Some area officials think so, but others aren't ruling it out.
Akron has proposed taking up to 5 million gallons of water daily from Lake Rockwell in Franklin Township and Streetsboro, located in the Lake Erie basin. The water would be used to serve residents from Springfield, Copley and Coventry Townships, located in the Ohio River basin, as part of a JEDD agreement.
Communities in the "middle Cuyahoga" communities of Kent, Munroe Falls, Silver Lake and Cuyahoga Falls fear the diversion would further aggravate problems of low water flow in the Cuyahoga River. That could lower oxygen levels in the river and harm the species that live in and around the river.
Now, Akron has proposed adding a new reservoir to its system, which would ensure Akron has enough water to serve its customers, and has enough left over for the Cuyahoga River. The proposed reservoir, about 2.5 miles south of Burton, was discussed during a public hearing on the diversion sponsored by State Sen. Leigh Herington of Kent. The reservoir would be Akron's fifth, and the fourth one along the upper Cuyahoga River.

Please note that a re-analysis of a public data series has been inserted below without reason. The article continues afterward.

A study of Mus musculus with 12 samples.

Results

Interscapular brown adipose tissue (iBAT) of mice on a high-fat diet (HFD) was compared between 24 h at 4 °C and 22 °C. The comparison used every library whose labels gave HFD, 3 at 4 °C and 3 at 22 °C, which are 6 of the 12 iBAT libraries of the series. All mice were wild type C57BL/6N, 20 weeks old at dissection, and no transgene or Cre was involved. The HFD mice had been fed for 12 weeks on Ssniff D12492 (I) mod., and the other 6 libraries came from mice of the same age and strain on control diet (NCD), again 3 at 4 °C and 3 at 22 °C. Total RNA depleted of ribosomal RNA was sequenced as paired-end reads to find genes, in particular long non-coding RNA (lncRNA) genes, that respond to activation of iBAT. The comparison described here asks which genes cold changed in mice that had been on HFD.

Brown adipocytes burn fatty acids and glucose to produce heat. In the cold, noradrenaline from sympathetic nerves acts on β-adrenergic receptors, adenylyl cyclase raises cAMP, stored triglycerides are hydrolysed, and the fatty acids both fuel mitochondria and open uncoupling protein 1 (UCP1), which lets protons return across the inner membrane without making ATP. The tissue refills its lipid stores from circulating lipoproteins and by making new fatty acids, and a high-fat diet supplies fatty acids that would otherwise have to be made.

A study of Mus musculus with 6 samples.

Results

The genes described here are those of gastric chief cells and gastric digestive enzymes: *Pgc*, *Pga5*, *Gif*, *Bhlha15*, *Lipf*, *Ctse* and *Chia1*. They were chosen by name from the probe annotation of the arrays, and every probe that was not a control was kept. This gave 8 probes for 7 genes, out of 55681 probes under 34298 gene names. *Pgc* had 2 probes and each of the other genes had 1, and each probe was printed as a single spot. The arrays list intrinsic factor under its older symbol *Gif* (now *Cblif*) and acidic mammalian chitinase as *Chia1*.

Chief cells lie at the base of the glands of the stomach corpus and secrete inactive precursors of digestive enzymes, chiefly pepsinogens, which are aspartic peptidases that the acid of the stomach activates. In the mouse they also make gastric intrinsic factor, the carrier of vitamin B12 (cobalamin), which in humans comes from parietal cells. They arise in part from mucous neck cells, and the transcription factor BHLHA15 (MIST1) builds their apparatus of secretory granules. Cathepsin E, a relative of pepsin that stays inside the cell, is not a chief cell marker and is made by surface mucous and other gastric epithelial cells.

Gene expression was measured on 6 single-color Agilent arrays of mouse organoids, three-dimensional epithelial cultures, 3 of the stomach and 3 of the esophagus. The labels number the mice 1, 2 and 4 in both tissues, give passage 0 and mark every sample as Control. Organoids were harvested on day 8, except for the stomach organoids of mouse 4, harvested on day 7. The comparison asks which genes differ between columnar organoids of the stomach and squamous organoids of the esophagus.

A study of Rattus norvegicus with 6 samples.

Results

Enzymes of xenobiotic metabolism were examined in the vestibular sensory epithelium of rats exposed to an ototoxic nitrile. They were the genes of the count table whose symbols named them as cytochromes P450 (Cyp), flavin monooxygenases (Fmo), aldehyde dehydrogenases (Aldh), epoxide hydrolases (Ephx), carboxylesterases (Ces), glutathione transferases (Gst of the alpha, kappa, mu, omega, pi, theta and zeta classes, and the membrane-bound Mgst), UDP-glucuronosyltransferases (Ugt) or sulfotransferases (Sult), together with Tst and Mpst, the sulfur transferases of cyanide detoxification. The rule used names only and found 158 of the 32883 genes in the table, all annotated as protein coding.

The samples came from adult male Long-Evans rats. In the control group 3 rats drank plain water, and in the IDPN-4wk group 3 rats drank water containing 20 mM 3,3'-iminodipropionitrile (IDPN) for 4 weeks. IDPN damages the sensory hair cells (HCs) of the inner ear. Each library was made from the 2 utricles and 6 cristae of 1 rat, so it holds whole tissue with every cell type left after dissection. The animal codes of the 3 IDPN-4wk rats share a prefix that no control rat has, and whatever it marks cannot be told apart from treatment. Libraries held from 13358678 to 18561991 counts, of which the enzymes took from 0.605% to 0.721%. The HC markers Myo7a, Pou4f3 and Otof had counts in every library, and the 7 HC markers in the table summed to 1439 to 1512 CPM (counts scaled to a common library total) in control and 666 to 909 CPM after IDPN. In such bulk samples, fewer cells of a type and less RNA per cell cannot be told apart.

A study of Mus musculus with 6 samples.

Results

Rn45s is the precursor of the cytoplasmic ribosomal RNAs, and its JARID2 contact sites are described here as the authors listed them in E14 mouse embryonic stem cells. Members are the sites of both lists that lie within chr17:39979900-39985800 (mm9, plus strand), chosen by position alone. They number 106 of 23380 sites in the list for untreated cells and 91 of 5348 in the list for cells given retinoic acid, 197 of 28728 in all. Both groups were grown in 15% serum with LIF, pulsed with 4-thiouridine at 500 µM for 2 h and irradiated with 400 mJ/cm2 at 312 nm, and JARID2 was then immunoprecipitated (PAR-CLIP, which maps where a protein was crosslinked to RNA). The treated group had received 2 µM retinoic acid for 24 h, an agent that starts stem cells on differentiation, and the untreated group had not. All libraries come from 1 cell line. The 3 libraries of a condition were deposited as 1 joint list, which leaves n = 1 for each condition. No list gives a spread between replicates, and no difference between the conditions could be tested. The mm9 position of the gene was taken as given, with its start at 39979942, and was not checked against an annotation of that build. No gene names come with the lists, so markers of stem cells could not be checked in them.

Because Lake Rockwell is filling with sediment, it cannot hold as much water as it once did, Akron officials have said. Sedimentation also affects algae growth and water taste.
Akron Deputy Mayor James Phelps said if the proposal becomes reality, communities in the middle Cuyahoga would be asked to share in the costs. If a city wanted 20 percent more water, they might have to pay 20 percent of the cost of the reservoir.
Portage County Commissioner and former Kent Mayor Kathleen Chandler was at the meeting held in Coventry Wednesday, where Phelps announced the potential reservoir. She said she wouldn't rule the idea out.
"I have no quarrel about communities getting together to decide the best use of natural resources," Chandler said. "When we talk about natural resources we need to be cooperative and not be in conflict all the time."
But Larry Valentine, water utilities superintendent in Cuyahoga Falls, said the proposal proves what he and other members of the middle Cuyahoga group have been saying all along _ Akron doesn't have enough water to serve its customers and keep the river healthy after all.
"It just flabbergasted us that they'd come up with something as ridiculous as that," he said. "We're objecting to Akron controlling the river anyway. All we want to do is get a guarantee of a certain amount of water to keep the river healthy. What a plan. What a plan."
Kent City Manager Lew Steinbrecher said city officials were analyzing the proposal and had no comment.